Argentina Hosts Exercise PSI 2019 To Counter Dangerous Shipments

Argentina Hosts Exercise PSI 2019 To Counter Dangerous Shipments

By Julieta Pelcastre / Diálogo
August 15, 2019


Under the framework of the Proliferation Security Initiative (PSI), the fictitious operation, based on an imaginary map, was the scenario for the Tabletop Exercise for Multilateral Counterproliferation 2019 — PSI 2019. The regional operation positioned six countries identified by different colors in Isla Roja. The exercise, carried out June 11-13, was designed and organized by the Argentine Ministry of Defense and the U.S. Department of Defense, in Buenos Aires. Brazil attended as an observer.

PSI brings together more than 100 countries to prevent trafficking of weapons of mass destruction (WMD), including their components and related material. This initiative allows member nations to collaborate and develop legal, diplomatic, economic, land, and maritime tools to combat the flow of WMD that threatens the international community’s security. Argentina joined the organization in 2005.

During the exercise, representatives of participating countries worked at the maritime interdiction roundtable to counter the proliferation of illicit exports and the transport of raw material for chemical weapons,” said to Diálogo Hugo Armellino, director of the Sensitive Material Comptroller’s Office at the Argentine Ministry of Defense.

“We analyzed cases the United States presented as an opportunity to exchange experiences on conducting interdictions with other countries in the region, including analyzing the source of information, legislation, and authorities who demand action,” Argentine Army Brigadier General (ret.) Guillermo Sevilla, coordinator of exercise PSI 2019, told Diálogo.

The U.S. delegation also offered training for judges and agents who counter money laundering, as well as for defense officials, intelligence agents, and security forces to jointly fight threats and common risks. Any nation can be vulnerable to a WMD shipment. WMD — nuclear, chemical, or biological — are designed to generate as much destruction as possible for civilians and the military, says the United Nations (UN).

“If material for dual use falls under the control of non-official agents, terrorist groups, or organized crime rings, they become a serious risk to the survival of humanity,” said Gen. Sevilla. “Terrorist organizations use WMD on a small scale to achieve their goals. There might be criminal groups that might threaten a government, organization, or individual with their use if their demands are not met,” he added.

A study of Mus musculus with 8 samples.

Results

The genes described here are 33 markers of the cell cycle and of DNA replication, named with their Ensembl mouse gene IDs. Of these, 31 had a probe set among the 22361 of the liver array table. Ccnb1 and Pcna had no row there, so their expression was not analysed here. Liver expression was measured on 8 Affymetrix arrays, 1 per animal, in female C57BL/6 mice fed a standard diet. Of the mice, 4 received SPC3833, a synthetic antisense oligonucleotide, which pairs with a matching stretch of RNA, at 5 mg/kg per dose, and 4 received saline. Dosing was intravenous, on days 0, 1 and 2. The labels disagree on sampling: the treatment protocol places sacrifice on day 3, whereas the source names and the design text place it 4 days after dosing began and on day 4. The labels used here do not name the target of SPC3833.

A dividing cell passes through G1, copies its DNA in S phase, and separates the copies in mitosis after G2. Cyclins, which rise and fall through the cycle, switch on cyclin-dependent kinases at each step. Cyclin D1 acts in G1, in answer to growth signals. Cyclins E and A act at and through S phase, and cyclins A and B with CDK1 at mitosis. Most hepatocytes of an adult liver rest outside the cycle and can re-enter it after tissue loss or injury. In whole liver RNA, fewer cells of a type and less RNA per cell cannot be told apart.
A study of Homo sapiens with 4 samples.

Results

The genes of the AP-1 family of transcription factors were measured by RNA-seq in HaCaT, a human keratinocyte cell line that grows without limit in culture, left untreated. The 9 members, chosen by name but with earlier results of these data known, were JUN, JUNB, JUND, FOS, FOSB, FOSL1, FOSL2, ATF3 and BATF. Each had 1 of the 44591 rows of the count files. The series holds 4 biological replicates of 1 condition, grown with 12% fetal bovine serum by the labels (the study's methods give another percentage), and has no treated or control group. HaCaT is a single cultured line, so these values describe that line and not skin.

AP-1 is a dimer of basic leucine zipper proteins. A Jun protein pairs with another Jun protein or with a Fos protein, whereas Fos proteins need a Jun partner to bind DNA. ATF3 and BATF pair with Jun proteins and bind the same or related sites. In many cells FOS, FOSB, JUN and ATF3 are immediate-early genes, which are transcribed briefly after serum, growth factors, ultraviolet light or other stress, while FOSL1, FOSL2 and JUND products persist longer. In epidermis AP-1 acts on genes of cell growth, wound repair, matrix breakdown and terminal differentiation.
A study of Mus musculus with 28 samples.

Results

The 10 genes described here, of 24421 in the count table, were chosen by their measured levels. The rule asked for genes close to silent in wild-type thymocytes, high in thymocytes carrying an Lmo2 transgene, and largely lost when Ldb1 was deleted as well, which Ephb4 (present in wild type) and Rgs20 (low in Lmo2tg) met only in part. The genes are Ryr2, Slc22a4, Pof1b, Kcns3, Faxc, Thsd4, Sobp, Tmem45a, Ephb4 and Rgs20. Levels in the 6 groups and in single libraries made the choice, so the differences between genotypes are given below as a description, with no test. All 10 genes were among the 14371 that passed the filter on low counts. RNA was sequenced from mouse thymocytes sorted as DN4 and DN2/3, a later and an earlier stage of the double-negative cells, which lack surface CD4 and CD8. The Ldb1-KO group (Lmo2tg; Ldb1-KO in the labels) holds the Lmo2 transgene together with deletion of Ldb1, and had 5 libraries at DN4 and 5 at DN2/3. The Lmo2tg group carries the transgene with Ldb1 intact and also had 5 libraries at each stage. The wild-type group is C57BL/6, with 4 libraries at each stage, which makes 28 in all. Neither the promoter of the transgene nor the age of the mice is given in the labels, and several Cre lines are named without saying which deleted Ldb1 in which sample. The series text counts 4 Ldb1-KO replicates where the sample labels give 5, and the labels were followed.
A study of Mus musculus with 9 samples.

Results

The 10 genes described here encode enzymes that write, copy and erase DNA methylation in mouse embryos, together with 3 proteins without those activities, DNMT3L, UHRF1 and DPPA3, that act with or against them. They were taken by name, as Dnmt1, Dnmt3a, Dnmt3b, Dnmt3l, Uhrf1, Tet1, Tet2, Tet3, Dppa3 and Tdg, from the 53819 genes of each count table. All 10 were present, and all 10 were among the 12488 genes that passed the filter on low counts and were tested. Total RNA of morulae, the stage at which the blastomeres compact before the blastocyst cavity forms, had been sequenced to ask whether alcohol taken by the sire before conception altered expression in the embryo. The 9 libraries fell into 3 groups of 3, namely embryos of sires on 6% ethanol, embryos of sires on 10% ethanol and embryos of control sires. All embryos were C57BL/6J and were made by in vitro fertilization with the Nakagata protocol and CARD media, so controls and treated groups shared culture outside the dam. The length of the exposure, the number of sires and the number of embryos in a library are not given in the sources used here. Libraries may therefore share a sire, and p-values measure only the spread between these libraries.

Military service members and civilians from Argentina, Chile, the United States, Colombia, Panama, Paraguay, and Brazil took part in multilateral Exercise PSI 2019, at the Argentine Ministry of Defense in Buenos Aires. (Photo: Argentine Ministry of Foreign Affairs and Worship)

According to the UN Security Council, terrorist organizations, which are increasingly interested in this type of weapons, seek to achieve one of their main purposes: spread panic. International cooperation is the basis to confront this challenge and guarantee international stability.

Shipment interception capabilities cover a wide array of multilateral and bilateral agreements and treaties, as well as UN resolutions. “It’s the duty of each PSI member nation with production, commercial, and financial controls to disrupt, or at least hamper, these organizations’ activities,” said Gen. Sevilla.

In addition to learning about the threat of WMD, terrorist organizations’ innovation, financial proliferation, the armed forces’ efforts to manage dangerous shipments, and devising concrete tools, military and civilian experts agreed to optimize the exercises. Each country agreed to have their vessels or aircraft registered if they are suspected of shipping WMD.

In addition, nations are committed to strengthen exchanges of sensitive information and the control of their exports. “Legislation to support the armed and security forces’ legal actions is necessary in every case, so they can fulfill their interception role in every scenario, whether it’s land, maritime, riverine, or air,” concluded Gen. Sevilla.